Corn is starting to tassel in scattered parts of the lower South. Soybean planting is gaining momentum in more areas where growers are catching breaks in the weather. Wheat harvest should start in a few areas in the lower South within a couple of weeks.
Sugarcane aphids (SCA) have turned up in at least 3 states in our coverage area – Alabama, Arkansas and Louisiana. No reports of them on grain sorghum yet. EPA broadened its Section 18 exemption for Transform use on grain sorghum to control SCA. Initially, only Texas had been given the exemption, but this week the agency announced that it had been granted to 9 additional states.
Dan Fromme, Louisiana Extension Cotton And Corn Specialist: "We've got a hodge-podge of crop conditions with corn across the state. In south Louisiana it looks really good. But in our northern parishes where so much rain fell earlier, we've got more problems, which also reduced our intended corn acres. Our older corn should be to tassel in the latter part of this month."
Travis Vallee, CenLa Ag Services, Pineville, Louisiana: "Our oldest corn is trying to tassel and we might see a few tassels in it today (5/10). The youngest corn is 18 inches high. With all the rain in the beginning of the planting season, about 40% of what was planted early had to be replanted. I didn't lose a lot of corn to flooding. Where we had to replant, it was mainly due to poor germination and saturated conditions.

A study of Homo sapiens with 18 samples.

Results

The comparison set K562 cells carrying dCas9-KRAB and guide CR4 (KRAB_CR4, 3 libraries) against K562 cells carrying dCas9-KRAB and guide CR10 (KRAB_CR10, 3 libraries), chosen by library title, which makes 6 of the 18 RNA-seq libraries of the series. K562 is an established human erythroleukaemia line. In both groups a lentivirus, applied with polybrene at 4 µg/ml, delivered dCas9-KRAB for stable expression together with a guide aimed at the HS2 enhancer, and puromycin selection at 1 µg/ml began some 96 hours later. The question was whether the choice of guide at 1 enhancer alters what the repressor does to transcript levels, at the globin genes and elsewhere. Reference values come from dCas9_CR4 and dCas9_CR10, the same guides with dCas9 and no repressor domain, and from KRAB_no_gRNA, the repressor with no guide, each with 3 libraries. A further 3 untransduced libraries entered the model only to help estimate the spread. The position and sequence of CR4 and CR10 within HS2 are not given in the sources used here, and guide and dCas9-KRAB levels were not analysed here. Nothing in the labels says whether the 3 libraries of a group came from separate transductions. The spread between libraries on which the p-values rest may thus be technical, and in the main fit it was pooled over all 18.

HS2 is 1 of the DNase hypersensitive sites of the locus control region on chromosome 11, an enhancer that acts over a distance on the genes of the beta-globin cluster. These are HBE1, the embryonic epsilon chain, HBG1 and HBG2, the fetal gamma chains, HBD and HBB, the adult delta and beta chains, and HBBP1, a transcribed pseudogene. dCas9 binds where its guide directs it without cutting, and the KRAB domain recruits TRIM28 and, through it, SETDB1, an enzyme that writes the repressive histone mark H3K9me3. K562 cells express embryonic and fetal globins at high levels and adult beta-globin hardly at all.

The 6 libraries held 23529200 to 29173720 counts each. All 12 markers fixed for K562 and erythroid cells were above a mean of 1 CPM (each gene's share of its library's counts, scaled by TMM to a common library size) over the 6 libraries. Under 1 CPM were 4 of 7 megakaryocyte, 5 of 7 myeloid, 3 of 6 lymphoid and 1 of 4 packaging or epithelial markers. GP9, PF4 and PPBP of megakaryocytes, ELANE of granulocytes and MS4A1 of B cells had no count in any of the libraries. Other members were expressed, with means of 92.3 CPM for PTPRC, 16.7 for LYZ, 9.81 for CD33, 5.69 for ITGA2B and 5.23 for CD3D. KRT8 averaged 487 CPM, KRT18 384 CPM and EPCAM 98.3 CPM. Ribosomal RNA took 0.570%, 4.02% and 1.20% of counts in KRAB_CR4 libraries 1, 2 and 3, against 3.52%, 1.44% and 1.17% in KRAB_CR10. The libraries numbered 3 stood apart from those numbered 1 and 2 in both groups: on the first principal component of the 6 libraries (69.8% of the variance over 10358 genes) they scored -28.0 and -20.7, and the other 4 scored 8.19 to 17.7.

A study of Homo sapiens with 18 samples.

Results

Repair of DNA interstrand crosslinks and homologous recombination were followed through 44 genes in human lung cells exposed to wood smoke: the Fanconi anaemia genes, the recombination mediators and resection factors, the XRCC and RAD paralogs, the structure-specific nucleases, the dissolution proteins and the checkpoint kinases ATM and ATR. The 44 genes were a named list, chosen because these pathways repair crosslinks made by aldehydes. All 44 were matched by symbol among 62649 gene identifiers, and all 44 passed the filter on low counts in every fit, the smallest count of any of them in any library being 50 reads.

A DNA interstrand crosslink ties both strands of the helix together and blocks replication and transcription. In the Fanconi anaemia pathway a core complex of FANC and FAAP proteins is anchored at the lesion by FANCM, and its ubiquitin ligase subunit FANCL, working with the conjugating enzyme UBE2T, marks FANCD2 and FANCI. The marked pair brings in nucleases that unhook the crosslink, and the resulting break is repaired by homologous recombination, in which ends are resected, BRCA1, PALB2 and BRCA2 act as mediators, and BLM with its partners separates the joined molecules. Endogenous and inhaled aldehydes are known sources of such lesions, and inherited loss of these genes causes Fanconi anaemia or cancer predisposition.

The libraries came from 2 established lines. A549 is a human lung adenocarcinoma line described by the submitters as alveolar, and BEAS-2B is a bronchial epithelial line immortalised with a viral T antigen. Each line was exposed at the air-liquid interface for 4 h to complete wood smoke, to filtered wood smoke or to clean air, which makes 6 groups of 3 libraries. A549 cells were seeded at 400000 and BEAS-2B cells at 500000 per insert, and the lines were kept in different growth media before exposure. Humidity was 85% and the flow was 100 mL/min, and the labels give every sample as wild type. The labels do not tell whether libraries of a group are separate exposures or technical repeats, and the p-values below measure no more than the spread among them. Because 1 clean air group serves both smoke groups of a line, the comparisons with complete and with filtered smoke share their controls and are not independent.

"Soybeans mostly look good. We're battling weeds. With 4 to 5 days of good weather we could finish soybeans. Not much going on in grain sorghum. Our sidedress nitrogen and atrazine have gone out and fields are laid by. Now we're just waiting on sugarcane aphids to show up."
David Kerns, Entomologist, Louisiana State University, Macon Ridge Research Station: "Sugarcane aphids (SCA) are real common in places now. We're finding a lot of them in Johnsongrass. So far, I haven't picked up any in grain sorghum and haven't heard any reports of that. But some of the earliest planted fields are reaching the point that insecticidal seed treatments would be wearing off, so we potentially could be finding SCA on the crop in the near future.
"Today (5/11) in Franklin Parish I was finding them in Johnsongrass patches in the middle of nowhere – and it's easy to spot colonies, too. Johnsongrass is scattered over the landscape, of course, but the closer it is to the field, the greater the odds that it will be a source of infestation."